The Abbott government is dancing along a fine line as it deals with speculation that it might consider a co-payment for GP bulked-billed visits.
Campaigning in the Griffith byelection Wednesday, deputy Liberal leader Julie Bishop said: “I’m in the cabinet. This has never been proposed. This is not before the cabinet.” The idea had been in “a submission made to the Commission of Audit by an entity … We have no plan for a co-payment”.
On the ABC later, Treasurer Joe Hockey wasn’t ruling it out. Asked whether it was a viable option he said: “That is a matter for the Commission of Audit.”
And a close listen to Bishop’s “we have no plan” line isn’t a rule-out either. It was just designed to leave the impression of doing so. Notably she also said “let the Commission of Audit do its work”.
Bill Glasson, the Liberal candidate in Griffith (one-time president of the Australian Medical Association), who a few weeks ago was open to the idea provided there were adequate safeguards, has received a hammering from Labor. On Wednesday he was also pushing the “no plan” line – and pointing out that the one party that had introduced a co-payment was Labor. That was back at the end of Bob Hawke’s prime ministership.
In political terms the co-payment packs quite a punch. Hawke, with left winger Brian Howe as health minister, brought in a modest payment. It became a potent weapon that Paul Keating used in his bid for the leadership. Keating scrapped it when he took over.
Howe today doesn’t regret the 1991 co-payment, saying it was part of a mix of policies on GP reform as well as a budget measure, although at a political level there were problems with touching Medicare.
But he opposes going down that route now, which he argues would be just a savings measure rather than more widely policy-based. “I wouldn’t start with a co-payment, I would start with thinking about what is the key problem – that is the ageing of the population. And you don’t want to discourage older people from going to the doctor.”
From Bishop’s and Glasson’s comments, they obviously think Labor can do some damage with the spectre in Griffith, Kevin Rudd’s old seat, where the contest is said to be tight, the ALP just a nose ahead.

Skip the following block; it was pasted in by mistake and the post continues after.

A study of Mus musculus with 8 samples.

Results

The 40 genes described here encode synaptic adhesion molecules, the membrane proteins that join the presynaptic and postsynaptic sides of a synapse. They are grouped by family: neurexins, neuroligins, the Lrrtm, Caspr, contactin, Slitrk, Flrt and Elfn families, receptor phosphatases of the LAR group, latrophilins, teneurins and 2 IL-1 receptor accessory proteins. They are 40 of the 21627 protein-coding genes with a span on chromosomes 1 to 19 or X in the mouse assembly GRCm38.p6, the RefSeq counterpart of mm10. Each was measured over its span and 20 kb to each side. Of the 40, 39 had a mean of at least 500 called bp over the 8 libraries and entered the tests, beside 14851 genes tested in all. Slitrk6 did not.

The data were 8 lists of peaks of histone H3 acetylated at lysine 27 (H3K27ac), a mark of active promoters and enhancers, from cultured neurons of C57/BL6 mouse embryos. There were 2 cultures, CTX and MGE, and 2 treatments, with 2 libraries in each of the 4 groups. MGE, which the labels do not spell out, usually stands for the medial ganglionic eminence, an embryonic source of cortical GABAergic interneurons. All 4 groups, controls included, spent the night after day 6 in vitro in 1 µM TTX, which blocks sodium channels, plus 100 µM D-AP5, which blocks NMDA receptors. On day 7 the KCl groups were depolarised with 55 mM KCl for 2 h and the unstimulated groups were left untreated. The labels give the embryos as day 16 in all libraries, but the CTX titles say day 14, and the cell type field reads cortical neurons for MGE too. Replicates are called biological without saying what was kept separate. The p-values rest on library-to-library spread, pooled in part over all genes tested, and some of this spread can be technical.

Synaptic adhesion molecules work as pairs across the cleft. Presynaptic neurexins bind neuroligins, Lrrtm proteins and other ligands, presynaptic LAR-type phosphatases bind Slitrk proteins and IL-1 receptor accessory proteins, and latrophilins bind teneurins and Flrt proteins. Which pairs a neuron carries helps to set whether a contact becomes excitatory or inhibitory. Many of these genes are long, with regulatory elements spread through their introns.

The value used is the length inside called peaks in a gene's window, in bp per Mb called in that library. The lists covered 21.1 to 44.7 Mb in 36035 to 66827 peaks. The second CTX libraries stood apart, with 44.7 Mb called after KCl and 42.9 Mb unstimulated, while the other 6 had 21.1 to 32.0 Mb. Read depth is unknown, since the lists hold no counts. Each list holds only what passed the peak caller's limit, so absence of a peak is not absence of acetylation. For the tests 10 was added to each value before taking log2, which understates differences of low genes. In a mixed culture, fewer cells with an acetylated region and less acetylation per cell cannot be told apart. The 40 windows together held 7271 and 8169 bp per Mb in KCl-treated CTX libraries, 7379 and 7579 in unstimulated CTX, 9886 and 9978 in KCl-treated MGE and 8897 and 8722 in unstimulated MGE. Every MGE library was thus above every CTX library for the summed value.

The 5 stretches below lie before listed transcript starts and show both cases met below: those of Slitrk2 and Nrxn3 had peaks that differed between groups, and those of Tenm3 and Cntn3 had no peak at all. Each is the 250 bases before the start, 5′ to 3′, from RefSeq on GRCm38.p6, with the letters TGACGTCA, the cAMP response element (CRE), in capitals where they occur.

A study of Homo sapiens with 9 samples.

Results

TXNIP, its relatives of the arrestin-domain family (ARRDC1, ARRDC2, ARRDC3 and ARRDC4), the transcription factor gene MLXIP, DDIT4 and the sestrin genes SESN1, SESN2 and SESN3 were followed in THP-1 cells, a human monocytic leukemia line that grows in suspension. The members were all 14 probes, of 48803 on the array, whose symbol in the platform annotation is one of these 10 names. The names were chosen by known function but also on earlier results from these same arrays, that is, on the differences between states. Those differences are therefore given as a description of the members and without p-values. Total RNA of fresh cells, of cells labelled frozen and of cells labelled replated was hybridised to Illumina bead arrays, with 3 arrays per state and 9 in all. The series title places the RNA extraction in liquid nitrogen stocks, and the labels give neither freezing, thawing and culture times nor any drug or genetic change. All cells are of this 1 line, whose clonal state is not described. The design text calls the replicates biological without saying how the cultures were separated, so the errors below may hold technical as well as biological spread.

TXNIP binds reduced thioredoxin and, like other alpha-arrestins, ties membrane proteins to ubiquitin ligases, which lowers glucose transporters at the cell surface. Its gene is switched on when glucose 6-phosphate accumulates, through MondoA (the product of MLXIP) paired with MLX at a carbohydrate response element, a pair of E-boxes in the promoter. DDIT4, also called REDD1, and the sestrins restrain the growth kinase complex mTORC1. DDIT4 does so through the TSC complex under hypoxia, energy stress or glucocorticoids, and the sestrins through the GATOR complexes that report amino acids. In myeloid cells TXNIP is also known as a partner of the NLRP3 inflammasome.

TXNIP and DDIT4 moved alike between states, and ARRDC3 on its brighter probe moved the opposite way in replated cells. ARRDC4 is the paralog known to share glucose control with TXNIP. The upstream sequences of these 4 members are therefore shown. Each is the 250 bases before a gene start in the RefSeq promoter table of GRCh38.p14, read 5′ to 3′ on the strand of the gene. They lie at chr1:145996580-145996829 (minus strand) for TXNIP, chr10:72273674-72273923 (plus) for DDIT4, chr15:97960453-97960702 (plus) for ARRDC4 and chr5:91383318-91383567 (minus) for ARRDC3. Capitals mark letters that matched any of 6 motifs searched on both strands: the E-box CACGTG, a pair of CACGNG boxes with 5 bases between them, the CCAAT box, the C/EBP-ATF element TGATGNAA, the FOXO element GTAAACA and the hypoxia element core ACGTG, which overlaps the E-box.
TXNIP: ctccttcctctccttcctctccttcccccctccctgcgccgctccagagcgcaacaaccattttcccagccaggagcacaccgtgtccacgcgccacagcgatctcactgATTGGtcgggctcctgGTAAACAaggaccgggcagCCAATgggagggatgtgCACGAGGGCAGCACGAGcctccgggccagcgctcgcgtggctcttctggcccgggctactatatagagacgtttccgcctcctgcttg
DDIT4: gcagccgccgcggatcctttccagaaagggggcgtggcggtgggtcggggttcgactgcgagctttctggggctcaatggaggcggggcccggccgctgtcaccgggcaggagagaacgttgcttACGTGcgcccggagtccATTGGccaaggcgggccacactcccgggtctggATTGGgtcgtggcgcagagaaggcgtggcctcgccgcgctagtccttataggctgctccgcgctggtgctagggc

The current debate about a co-payment was sparked by a submission from a health industry think tank, the Australian Centre for Health Research (headed by former state Labor politician Neil Batt) which had Terry Barnes, a former adviser to Tony Abbott when he was health minister, update the Howe co-payment scheme. The Barnes proposal for a $6 co-payment, which would save about $750 million over the forward estimates, was submitted to the Commission of Audit.
The submission said that further research was needed but concluded that “the risks of GP co-payments can be managed by sensible parameters; prudently setting any co-payments at modest levels; and by keeping their operation under continuous expert review to ensure against the unlikely possibility of unintended clinical consequences”.
It would be surprising if the Audit Commission didn’t think very seriously about the proposal. Among other things, it has been asked to report on “savings and appropriate price signals – such as the use of co-payments, user-charging or incentive payments – where such signals will help to ensure optimal targeting of programs and expenditure (including to those most in need), while addressing the rising cost of social and other spending”.
The debate about the co-payment highlights one feature of our politics. Often parties’ stands on policy are determined not so much by objective analysis but by their political need at the time. What the Hawke government thought sensible, the Shorten opposition condemns.
In the past it was the same with the debate that ended with us getting a GST. A broad based tax on consumption went in and out of favour with Labor.
And the Coalition, which on all philosophical grounds should favour targeted welfare, screamed blue murder at some of the Labor government’s means testing.
A modest co-payment, with proper safeguards for low income people, seems a defensible policy when savings are being sought. But it is undoubtedly politically risky.
There is a high attachment to Medicare and any tampering invites a strong reaction. The co-payment would have to be struck at a level where, while sending a price signal, it did not discourage necessary visits to the doctor. But, the argument would run, it can be difficult in marginal cases for the patient to judge when a visit is necessary or at least prudent.
While the co-payment is simple in principle, complications arise in practice – such as the need to extend it to emergency departments, if distortions were not to be introduced into the system. Barnes has subsequently favoured this.
Abbott will be pressed on the co-payment when he campaigns in Griffith. Politics will tell him to put a dampener on it; policy considerations will press him to keep it on the table.
Going down the co-payment road would take political courage and cost political capital. If the Commission of Audit recommends it, will be be one of those litmus test issues for the government.